Law Practice Management

As Law Firms Respond to Crisis, 21% of Law Students Regret Choice


It’s not surprising that law students are a discontented lot.

A new survey by LexisNexis found that, based on the changing legal marketplace, 21 percent of law students regret attending law school. Thirty-five percent said they don’t feel adequately prepared to succeed in the new marketplace, and 65 percent said law schools don’t teach the practical business skills needed in today’s economy, according to the survey summary (PDF posted by Legal Blog Watch).

And they face a changed world in the law firms where they are trying to land jobs. According to the outside lawyers surveyed, 43 percent of their law firms conducted layoffs, 33 percent implemented hiring freezes, 29 percent deferred start dates, and 26 percent reduced salaries.

Legal Blog Watch covered the results, and in a separate post covered a panel discussion on the survey in which lawyers differed over their predictions for the future of law practice.

Those students who do find jobs will find deep divisions between in-house lawyers and the law firms they hire, the survey shows. Only 38 percent of corporate counsel believe that law firms are being responsive about changing fees and costs given the current economic recession. Fifty-eight percent say they believe law firms are too profitable.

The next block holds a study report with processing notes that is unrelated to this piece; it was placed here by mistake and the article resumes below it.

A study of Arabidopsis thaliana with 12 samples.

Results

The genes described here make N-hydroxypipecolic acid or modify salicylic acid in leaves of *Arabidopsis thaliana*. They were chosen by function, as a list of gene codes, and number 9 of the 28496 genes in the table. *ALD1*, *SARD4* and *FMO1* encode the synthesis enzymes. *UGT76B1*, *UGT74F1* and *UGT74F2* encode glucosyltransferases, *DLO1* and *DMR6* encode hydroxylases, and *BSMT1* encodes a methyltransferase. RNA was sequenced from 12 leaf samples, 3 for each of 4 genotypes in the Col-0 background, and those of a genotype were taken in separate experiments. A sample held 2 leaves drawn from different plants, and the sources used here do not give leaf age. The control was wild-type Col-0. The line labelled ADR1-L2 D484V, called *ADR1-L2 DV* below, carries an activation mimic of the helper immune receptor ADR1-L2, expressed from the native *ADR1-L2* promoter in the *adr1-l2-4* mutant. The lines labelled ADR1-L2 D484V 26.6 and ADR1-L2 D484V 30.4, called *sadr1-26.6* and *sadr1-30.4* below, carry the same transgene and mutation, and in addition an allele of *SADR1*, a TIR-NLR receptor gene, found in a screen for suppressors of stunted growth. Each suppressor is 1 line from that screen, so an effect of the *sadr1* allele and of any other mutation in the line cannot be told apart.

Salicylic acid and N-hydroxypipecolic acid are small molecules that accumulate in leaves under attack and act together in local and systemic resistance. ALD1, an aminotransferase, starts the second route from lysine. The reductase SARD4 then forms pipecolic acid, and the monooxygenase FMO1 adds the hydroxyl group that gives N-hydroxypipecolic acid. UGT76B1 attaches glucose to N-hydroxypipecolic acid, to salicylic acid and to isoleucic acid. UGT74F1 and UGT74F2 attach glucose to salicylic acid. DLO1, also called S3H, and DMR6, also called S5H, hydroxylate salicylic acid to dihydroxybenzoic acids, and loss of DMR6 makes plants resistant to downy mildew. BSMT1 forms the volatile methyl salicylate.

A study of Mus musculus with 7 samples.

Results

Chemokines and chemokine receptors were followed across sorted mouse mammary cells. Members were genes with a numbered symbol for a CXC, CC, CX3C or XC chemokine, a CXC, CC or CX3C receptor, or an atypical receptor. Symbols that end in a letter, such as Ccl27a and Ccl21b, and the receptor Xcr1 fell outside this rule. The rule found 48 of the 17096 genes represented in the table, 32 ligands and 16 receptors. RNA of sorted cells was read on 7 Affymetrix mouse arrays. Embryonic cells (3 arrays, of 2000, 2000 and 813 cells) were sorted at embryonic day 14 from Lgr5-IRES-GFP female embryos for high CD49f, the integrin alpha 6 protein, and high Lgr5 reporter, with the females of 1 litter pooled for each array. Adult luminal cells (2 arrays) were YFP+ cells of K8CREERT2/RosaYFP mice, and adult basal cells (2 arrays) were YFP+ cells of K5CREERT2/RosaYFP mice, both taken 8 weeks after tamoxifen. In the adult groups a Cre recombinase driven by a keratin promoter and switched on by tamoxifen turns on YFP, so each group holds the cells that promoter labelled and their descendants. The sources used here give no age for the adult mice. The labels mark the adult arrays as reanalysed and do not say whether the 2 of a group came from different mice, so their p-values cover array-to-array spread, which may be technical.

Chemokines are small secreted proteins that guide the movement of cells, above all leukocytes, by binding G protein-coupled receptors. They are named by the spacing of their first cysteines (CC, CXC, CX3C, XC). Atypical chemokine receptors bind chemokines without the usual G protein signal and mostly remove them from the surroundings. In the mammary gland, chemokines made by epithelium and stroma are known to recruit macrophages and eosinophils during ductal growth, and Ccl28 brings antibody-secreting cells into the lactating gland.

On the other side, 77 percent of private lawyers believe their clients are too focused on reducing costs, at the expense of quality and long-term results. The results show “widely divergent views on the state of the legal industry and the future of the law firm business model,” according to Legal Blog Watch.

The survey polled 300 private practice lawyers, 150 in-house counsel and 100 law students.

During the panel discussion, there was little agreement about how the future of law firms will change, Legal Blog Watch says. “All on the panel agreed that law firms should change how they do business. All did not agree, however, on what that change should look like. In fact, the one other point of consensus among the panelists may have been that there is no one-size-fits-all answer for firms or for clients.”

Some panelists suggested that corporate clients, rather than law firms, are the biggest opponents of alternative fees, according to the story. K&L Gates chairman Peter Kalis said his firm will generate 30 percent of its revenue this year from alternative fees, but many clients continue to oppose such billing arrangements.

Kalis also disagreed that demand for legal services is waning, according to the Legal Blog Watch report. “The prediction that the demand will be reduced is wishful thinking,” he said. He argued that government oversight and globalization will increase the demand for legal services, and law firms will respond with new structures that look like diamonds—with more mid-level expertise—rather than pyramids.